Maori Psychology

Published: 2021-06-29 06:43:52

New Zealand has many different cultures that make up its society; two of these main cultures are Māori and Pākehā. This assignment will identify several key areas of difference between dominant Western/ Pākehā and Indigenous/ Māori models of health and well-being. Some studies that have tried to explain the best practice for providing mental health for Māori are; Te Whare Tapa Wha (Durie, n.d.); Te Wheke (Pere, 1988) and Te Pae Mahutonga (Durie, 1999). These models will be explained in this assignment and the issues of counselling using traditional Pākehā styles to treat Māori will also be addressed.
The traditional Western Pākehā viewpoint on health is very different from Māori, as it generally focuses on the individual and often overlooks the importance that culture, family, society and economic status can have on the client (Australian Psychological Society, 1997, as cited by, Ranzjin, McConnochie, Clarke & Nolan, 2007).
Traditional Pākehā psychological practice is based on Descartes Cartesian Dualism theory, which is when the mind and body are treated as completely separate entities. This reductionist model views disease as cellular processes with an illness-based focus and is seen as a deviation from the normal healthy state (Burton, Kowalski & Westen, 2009). The later biomedical model of health only acknowledges a biological clarification for illness, however important these biological clarifications are they still do not allow for a complete representation of the causes of illness (Burton, et al., 2009).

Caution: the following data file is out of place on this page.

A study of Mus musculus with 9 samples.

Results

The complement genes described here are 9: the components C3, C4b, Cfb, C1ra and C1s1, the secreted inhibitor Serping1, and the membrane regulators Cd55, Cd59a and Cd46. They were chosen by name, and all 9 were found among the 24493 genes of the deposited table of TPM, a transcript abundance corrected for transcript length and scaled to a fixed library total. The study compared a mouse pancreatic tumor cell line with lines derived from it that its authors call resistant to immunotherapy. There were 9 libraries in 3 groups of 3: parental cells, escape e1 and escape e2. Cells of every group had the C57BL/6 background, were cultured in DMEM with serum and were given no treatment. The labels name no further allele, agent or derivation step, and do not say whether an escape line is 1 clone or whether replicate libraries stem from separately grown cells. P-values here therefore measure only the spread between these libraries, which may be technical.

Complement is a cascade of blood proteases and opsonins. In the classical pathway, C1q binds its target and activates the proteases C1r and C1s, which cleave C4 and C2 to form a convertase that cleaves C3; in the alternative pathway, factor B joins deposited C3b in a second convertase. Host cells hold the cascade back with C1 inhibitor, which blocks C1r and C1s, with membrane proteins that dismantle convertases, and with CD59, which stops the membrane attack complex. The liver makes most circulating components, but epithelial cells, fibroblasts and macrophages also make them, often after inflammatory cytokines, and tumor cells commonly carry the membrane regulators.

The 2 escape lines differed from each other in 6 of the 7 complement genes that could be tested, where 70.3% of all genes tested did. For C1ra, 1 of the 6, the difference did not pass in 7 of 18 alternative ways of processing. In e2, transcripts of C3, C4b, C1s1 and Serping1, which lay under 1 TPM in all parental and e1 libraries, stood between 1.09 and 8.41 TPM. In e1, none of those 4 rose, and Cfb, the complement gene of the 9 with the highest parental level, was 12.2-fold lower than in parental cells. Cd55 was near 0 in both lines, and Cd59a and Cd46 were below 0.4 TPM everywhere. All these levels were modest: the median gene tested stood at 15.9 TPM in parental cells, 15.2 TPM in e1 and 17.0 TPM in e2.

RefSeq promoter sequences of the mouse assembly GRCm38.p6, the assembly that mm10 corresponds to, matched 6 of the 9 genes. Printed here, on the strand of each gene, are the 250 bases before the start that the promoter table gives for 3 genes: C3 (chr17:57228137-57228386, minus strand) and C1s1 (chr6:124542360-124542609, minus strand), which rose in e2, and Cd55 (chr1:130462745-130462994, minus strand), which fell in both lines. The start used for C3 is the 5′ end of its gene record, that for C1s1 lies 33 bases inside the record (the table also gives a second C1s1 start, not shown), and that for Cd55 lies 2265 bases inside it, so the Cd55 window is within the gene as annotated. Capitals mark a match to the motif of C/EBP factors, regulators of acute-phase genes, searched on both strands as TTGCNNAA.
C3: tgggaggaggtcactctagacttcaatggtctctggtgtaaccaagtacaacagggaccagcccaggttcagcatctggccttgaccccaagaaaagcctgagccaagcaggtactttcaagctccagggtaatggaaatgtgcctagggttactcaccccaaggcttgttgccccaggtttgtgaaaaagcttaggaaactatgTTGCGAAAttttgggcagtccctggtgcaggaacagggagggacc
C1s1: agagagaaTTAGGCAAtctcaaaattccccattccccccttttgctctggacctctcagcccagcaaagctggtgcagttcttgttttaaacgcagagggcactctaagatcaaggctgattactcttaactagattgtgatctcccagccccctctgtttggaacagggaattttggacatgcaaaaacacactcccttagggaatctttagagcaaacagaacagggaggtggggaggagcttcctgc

To understand an individual from Mäori culture it is important to understand their Tä Moko, as this depicts the individual's identity, status and Whakapapa. Whakapapa is the geneology of the individual; it defines their Tūpuna (layer in history). The Whakapapa refers to the family structure and consists of the Whänau, Hapū, Iwi and Waka (Scribe, 2003). Before the arrival of Europeans the term Whänau would have referred to several bloodline generations living together in a close community. This included people who supported the Whänau (Whāngai). The term Whänau in today's society has many interpretations; the two most commonly described are a collective of individuals connected via kinship (whakapapa) or as the result of a collective goal (kaupapa) (Te Puni Kökiri, 2000).
Māori traditionally do not operate as isolated individuals but as part of a collective group (Whänau) who share common ancestors and kinship groups (Durie, 2005). According to Shulruf, Hattie and Dixon (2011) collectivism is associated with a strong sense of duty to group, relatedness to others, seeking others' advice, harmony, and working with the group. This collective group is mutually beneficial; the individual looks after the collective, which in turn looks after the individual (Durie, 2005). This form of collective group is essential for Māori to maintain wellbeing. Māori believe Whanau ora is the perfect state of being, meaning the health of the one individual across all four elements, naturally influences the whanau and the communities they live in (Durie, 1984). There are three studies that emphasise this point.